This article, originally published Sept. 15, has been updated with comments form Illumina's CEO and from a Merck spokesperson.

Chinese genome center BGI and Merck plan to work together in order to build on their respective expertise in genome sequencing and pharmaceutical development, the partners said last week.

Under a "statement of intent" signed last week, the two institutions plan to "initiate and develop a working relationship" and to explore areas of mutual interest in healthcare and discovery "with the common goal of creating value from the massive output of genomic information enabled by next-generation high-throughput DNA sequencing and analysis technologies," according to the partners.

The agreement is "an initial step designed to bring together Merck's expertise in pharmaceutical development with the powerful sequencing and bioinformatics capabilities of BGI," said Peter Kim, president of Merck Research Laboratories, in a statement, adding that the company is "excited to move forward towards a collaboration with BGI in our efforts to advance these areas of research."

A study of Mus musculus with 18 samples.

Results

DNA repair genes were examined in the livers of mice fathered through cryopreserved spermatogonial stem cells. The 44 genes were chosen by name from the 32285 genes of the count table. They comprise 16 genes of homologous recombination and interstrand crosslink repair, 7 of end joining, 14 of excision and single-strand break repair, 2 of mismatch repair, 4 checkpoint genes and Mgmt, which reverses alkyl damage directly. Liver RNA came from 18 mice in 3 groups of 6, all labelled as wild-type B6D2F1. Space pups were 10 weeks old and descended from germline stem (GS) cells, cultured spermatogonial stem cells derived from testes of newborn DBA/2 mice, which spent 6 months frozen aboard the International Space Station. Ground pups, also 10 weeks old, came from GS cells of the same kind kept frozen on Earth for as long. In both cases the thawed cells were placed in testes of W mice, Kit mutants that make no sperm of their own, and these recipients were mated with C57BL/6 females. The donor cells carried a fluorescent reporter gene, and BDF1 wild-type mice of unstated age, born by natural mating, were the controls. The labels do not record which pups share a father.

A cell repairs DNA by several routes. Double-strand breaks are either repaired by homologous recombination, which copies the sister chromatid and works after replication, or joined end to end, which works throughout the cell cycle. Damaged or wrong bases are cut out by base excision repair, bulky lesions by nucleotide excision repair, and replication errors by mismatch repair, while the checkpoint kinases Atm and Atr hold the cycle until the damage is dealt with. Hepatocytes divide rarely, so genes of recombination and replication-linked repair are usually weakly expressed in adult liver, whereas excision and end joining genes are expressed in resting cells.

"Our team of research scientists and bioinformatics specialists look forward to the potential of working side by side with Merck's global network of scientists as this collaboration evolves," said Jun Wang, executive director of BGI Shenzhen.

The initial agreement outlines principles for future "master agreements" and joint projects. For example, to enable closer collaboration between their scientists, the partners plan to set up mutual offices close to their respective facilities in the US and in China.

Both Merck and BGI plan to build infrastructure required to support collaborations in areas including biomarkers, target validation, drug "de-risking," and drug development.

According to a Merck spokesperson, it is too early to provide specifics. He said that Merck has ongoing relationships with other organizations and institutions in the areas of molecular profiling and gene sequencing that are not affected by the agreement with BGI.

Merck and BGI's statement of intent may signify a growing appetite by pharma for genome sequencing services. Pfizer, for example, has had several human genomes sequenced by Complete Genomics.

Right now, BGI predominantly uses Illumina's sequencing platform. Commenting on the Merck agreement during the UBS Global Life Sciences Conference in New York this week, Illumina CEO Jay Flatley said that pharmaceutical companies appear to be getting more interested in sequencing, in particular to identify the best drug target to pursue, and to help them develop companion diagnostics.

Flatley added, however, that Illumina does not expect pharmas to install large fleets of sequencers, but that they are more likely to outsource sequencing, "at least in the near term."